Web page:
Life Stories

George was a cousin to my grandpa Howard Berry. Growing up, I knew George only through his work at the funeral home. When my sister and I bought what was his mother’s childhood home on Fairchild Street in Iowa City in 2002, a small photo album came with the purchase. In that album were a few pictures of George. I was quite taken with one of these—an old black-and-white showing George as a young man with his grandma (my great-great grandma) Nettie Lake. In the picture, George and Grandma Lake are in the kitchen—the kitchen that I use today. George is forking meat onto a platter that Grandma holds. The two have genuine smiles on their faces. I’m sure George’s attire has something to do with those smiles. Over George’s white collared shirt and necktie is a small ruffled floral-print apron, likely one of Grandma Lake’s or Aunt Doris's that he just happened to throw on for the occasion! After studying this picture, I was sure George was a helpful, caring, and lighthearted guy who enjoyed time with family.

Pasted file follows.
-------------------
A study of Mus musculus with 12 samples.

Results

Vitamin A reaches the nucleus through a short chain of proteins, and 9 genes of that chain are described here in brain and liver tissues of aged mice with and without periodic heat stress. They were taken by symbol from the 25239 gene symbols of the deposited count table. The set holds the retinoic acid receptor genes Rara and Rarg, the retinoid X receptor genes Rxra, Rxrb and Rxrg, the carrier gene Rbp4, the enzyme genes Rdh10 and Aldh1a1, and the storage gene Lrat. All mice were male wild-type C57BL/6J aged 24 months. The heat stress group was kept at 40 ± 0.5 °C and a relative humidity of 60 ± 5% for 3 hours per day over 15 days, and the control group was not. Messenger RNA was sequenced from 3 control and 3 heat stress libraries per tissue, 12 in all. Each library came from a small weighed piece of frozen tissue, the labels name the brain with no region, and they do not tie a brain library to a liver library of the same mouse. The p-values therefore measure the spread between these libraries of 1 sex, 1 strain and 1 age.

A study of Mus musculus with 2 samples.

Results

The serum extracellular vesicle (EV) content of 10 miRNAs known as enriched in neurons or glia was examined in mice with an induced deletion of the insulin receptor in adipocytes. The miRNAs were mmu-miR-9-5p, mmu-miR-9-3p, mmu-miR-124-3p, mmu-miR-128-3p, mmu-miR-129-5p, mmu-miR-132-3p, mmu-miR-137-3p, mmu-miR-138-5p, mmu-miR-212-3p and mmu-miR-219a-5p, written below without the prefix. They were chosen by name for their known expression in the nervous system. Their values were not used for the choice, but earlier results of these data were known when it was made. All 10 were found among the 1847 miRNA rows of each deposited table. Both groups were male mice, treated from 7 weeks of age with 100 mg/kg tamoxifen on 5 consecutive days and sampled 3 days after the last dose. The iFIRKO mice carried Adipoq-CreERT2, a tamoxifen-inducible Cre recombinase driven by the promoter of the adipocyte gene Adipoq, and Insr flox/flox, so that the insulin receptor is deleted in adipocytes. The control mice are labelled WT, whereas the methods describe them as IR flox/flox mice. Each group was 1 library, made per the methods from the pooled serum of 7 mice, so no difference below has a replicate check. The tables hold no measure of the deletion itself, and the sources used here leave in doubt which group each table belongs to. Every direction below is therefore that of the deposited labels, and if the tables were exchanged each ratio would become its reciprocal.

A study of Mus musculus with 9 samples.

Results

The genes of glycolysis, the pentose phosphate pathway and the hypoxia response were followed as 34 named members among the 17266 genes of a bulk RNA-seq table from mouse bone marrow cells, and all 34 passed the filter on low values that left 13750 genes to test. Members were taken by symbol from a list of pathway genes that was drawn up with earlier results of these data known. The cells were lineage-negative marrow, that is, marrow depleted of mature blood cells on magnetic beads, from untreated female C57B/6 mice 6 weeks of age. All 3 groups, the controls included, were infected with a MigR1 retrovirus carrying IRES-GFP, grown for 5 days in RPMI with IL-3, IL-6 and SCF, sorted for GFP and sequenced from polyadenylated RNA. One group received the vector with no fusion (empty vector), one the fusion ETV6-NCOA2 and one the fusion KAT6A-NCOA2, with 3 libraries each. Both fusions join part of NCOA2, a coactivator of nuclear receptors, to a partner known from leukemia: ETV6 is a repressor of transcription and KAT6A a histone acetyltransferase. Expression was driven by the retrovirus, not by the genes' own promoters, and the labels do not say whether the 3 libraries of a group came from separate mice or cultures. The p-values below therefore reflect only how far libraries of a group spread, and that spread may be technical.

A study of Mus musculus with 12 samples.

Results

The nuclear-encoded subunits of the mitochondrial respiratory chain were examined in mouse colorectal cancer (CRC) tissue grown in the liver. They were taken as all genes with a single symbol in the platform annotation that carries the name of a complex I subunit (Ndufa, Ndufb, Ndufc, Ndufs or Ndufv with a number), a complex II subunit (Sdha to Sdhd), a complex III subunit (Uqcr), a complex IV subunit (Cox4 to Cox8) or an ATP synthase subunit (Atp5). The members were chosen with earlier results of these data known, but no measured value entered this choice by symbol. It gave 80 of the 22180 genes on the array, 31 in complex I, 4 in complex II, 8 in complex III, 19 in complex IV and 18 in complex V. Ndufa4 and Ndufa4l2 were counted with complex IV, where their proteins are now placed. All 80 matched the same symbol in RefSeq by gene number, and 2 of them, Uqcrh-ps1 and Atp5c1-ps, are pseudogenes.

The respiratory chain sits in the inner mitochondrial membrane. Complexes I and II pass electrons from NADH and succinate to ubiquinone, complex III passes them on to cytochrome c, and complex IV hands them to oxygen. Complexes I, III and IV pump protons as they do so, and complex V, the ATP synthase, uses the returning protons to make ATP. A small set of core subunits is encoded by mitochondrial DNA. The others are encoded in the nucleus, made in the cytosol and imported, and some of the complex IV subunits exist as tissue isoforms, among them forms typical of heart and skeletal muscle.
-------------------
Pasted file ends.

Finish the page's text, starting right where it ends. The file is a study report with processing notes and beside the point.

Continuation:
I had the great pleasure to discover that George indeed did possess these wonderful qualities when he invited me, my aunt Linda, and Linda’s fiancé, Stan, to his house in November. In his 91st year, George visited enthusiastically with us, talking about his past professions, family members that I never met, as well as his upcoming plans to travel to Texas for the winter. He graciously gave us a tour of his neat home, which, on that day, was bathed in yellow light from the autumn canopy outside the house. He showed us his artwork—stained glass, ceramic figurines, candle holders—and even opened his bedroom closet to show us how tidy he kept his belongings. George’s daughter, Anita, followed behind, turning off lights as we exited one room and then another. “Are you getting the lights?” George called back to Anita.

George was so full of life and vigor that day. And we were all excited to make plans for some family heirlooms to return to the Lake house—my home on Fairchild Street. George agreed to visit the old house next spring when he returned to Iowa to see how the space had changed and—for the most part—had not changed. I let him know I was very fond of the house and its antique charm. He seemed pleased.

I do regret that George will not be able to visit my home, our family’s home, after all. Our time, unfortunately, started late and was cut too short. I do know that the Lake house on Fairchild Street will continue to carry George's spirit with it as well as those of our ancestors and the many memories they made. More than anything, I’m grateful to have learned a bit more about the handsome young man in the pretty floral apron who once stood in my kitchen.